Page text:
I’ve been a pretty big fan of Francis Kurkdjian for awhile; his fragrance house’s Lumiere Noire pour femme is an absolute favorite of mine, and there are several other fragrances he’s authored that I really enjoy. So when Vanessa at Bonkers about Perfume praised Elie Saab’s new, eponymous scent, I added it to the “To Investigate” list. And then when Angela at Now Smell This enjoyed it and called it a “tornado of aldehydes and flowers,” I shifted it over to the “To Test” list, since I am a confirmed card-carrying AldeHo. I was expectant of joy. And when Ann N, of Perfume Posse, sent me a sample, I was thrilled and put it on right away.
Also, I think that’s a pretty bottle. People keep saying it looks like the bottle for Guerlain L’Instant, but you know me: I’m not terribly bothered by recycled design elements. I like a nice heavy squarish thing that feels good in the hand, and this one certainly looks like it would do that. I don’t know anything about Elie Saab other than that he’s a fashion designer, which of course means that I am completely oblivious to his typical artistic bent and whether or not his fragrance fits his oeuvre. It’s a good fragrance, though.
Here’s my “short review” version: La Chasse aux Papillons and Coco Mademoiselle made a baby. I don’t really care much for either of those fragrances – La Chasse veers too toilet-cleanery and Coco Mlle. is far, far too patchouli-heavy – but there are elements of each in Elie Saab, somehow pairing the two in a way such that the best features of each parent are present in the offspring. Nice.
The thoughtful, serious(ish) version: Elie Saab Le Parfum starts off with a tender, sweet orange blossom that I’m enjoying more than usual, since OB is almost guaranteed to go soapy on me. I don’t smell a lot of fruit, just a fleeting sort of… succulence? Like biting into a plum, with its terrific sweet-sour balance. It passes quickly. Elie Saab is only a little soapy at the top, with a youthful, shy quality that is extremely pretty. Very quickly, the scent shifts into a thing of light and sparkles, with a hint of aldehydes and a lot of jasmine. There is also a buncha hedione in there, methinks – it’s that aspect of jasmine that seems both green-dewy and light-clean, the farthest thing from indolic that you could imagine. Angela writes (so charmingly!) that this phase makes her think of the instrumental ascending-pitch crescendo in the Beatles’ A Day in the Life. I often experience certain scents as being auditory in some sense, but Elie Saab doesn’t sing to me. Instead, it’s a dazzling white light, diffused gently over an array of blossoms. I did dab it generously rather than spraying, and I might get more aldehydes if I had the opportunity to spray. All the same, it was very pretty, with the effect of a sparkly white chiffon veil, just my girly-girl type of thing.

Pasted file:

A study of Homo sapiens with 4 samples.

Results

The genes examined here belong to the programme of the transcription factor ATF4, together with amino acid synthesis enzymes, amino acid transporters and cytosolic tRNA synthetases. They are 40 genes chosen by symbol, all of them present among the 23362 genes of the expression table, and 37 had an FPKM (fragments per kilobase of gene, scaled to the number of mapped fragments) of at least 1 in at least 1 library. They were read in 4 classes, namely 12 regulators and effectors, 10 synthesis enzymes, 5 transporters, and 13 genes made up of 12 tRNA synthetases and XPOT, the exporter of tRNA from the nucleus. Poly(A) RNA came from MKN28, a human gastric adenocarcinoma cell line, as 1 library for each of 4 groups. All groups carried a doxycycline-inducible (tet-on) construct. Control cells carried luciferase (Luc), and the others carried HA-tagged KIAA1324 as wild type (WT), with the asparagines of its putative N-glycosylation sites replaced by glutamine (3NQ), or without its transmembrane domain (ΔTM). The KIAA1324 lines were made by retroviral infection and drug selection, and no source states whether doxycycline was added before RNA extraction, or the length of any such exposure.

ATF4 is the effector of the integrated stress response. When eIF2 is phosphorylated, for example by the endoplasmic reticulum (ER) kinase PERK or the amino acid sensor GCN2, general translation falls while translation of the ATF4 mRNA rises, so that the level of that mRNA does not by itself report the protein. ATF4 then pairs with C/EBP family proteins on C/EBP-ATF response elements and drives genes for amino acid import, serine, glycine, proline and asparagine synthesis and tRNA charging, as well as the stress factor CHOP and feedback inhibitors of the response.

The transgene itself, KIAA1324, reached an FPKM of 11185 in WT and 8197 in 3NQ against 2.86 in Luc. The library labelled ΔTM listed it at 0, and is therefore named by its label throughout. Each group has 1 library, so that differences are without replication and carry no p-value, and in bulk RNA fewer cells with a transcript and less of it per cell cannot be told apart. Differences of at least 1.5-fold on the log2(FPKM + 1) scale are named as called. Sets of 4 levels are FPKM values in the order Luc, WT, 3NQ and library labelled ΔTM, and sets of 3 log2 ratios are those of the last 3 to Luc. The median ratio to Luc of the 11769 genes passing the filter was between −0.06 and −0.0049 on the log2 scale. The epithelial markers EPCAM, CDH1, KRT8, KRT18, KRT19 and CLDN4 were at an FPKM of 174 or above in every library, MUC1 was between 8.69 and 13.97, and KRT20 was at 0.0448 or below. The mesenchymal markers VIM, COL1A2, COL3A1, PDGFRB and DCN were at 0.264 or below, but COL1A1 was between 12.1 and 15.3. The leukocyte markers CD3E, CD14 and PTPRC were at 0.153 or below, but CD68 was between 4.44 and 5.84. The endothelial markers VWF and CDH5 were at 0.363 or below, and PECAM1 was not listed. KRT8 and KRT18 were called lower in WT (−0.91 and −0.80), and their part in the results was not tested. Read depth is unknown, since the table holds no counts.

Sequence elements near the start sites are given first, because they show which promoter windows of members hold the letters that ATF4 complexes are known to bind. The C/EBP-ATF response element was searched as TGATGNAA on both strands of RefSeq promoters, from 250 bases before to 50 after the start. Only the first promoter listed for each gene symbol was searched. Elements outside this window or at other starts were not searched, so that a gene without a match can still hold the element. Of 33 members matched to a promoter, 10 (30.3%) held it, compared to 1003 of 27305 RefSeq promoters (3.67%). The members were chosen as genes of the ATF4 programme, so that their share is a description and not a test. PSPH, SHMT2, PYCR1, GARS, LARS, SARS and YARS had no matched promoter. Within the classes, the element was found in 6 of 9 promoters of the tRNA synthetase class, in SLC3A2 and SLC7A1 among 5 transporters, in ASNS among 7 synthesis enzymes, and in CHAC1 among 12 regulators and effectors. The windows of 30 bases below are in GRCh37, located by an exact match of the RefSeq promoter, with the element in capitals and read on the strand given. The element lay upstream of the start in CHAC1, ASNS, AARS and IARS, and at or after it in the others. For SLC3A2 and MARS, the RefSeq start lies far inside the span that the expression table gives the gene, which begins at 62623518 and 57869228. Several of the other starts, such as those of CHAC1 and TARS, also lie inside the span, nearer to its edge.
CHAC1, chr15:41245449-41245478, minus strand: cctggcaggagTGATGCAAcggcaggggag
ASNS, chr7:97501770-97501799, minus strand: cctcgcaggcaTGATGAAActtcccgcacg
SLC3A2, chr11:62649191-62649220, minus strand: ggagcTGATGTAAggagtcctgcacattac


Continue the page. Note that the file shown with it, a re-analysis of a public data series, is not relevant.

Notes (from Fragrantica): Orange blossom, jasmine grandiflora, jasmine sambac, rose-honey accord, cedar, patchouli.
I do find it a little heavy on the clean patchouli for my taste. But then, I’m sensitive to patchouli. It’s a nice base accord, very light and clean with that astringent and almost sour quality that clean patchouli, and sometimes cedar, can have. I’ll make nice here and call it tangy rather than sour, because it’s not unpleasant at all. I’d have liked a bit more of the so-called rose honey accord, because that really is up my alley. However, over two wearings (using up my sample! which I never do!), I did not detect anything I could have pinpointed as honey, while the rose is there but very much in the background to that scintillating jasmine.
It lasted for a fair amount of time on me, about five hours. With the “spray until wet” technique, it might last even longer. I don’t actually smell musk, but I’d bet there’s either some musk or other in there, because of the decent lasting power on my usually scent-eating skin. With musks, of course, you always run into the possibility of specific anosmiae, and I’d bet I just can’t smell whatever this one is.
I like Elie Saab Le Parfum. I’m not moved to want a bottle or even a decant, for reasons that longtime readers can probably predict: I wanted more aldehydes than I got, I’m not a big jasmine fan, and there is of course the Dreaded Patchouli, which is not offensive but still too much for my personal taste. I did really like that cloud-of-light effect. I’m sure this scent will sell very well, deservedly so. And I think I might heart Francis Kurkdjian even more, for that glowy effect he’s so capable of producing, in Elie Saab and in Lumiere Noire pf – and probably in other things, as well. Hmm… Oh, Francis, dahlink? Would you maybe consider making something just for meeeee? How about you try that effect in a tuberose floral this time?
Image is from Fragrantica. Also, here’s another review from a blogger I’m sure I’ll be adding to my blogroll, The Unseen Censer (cool name! Poe! Yay!).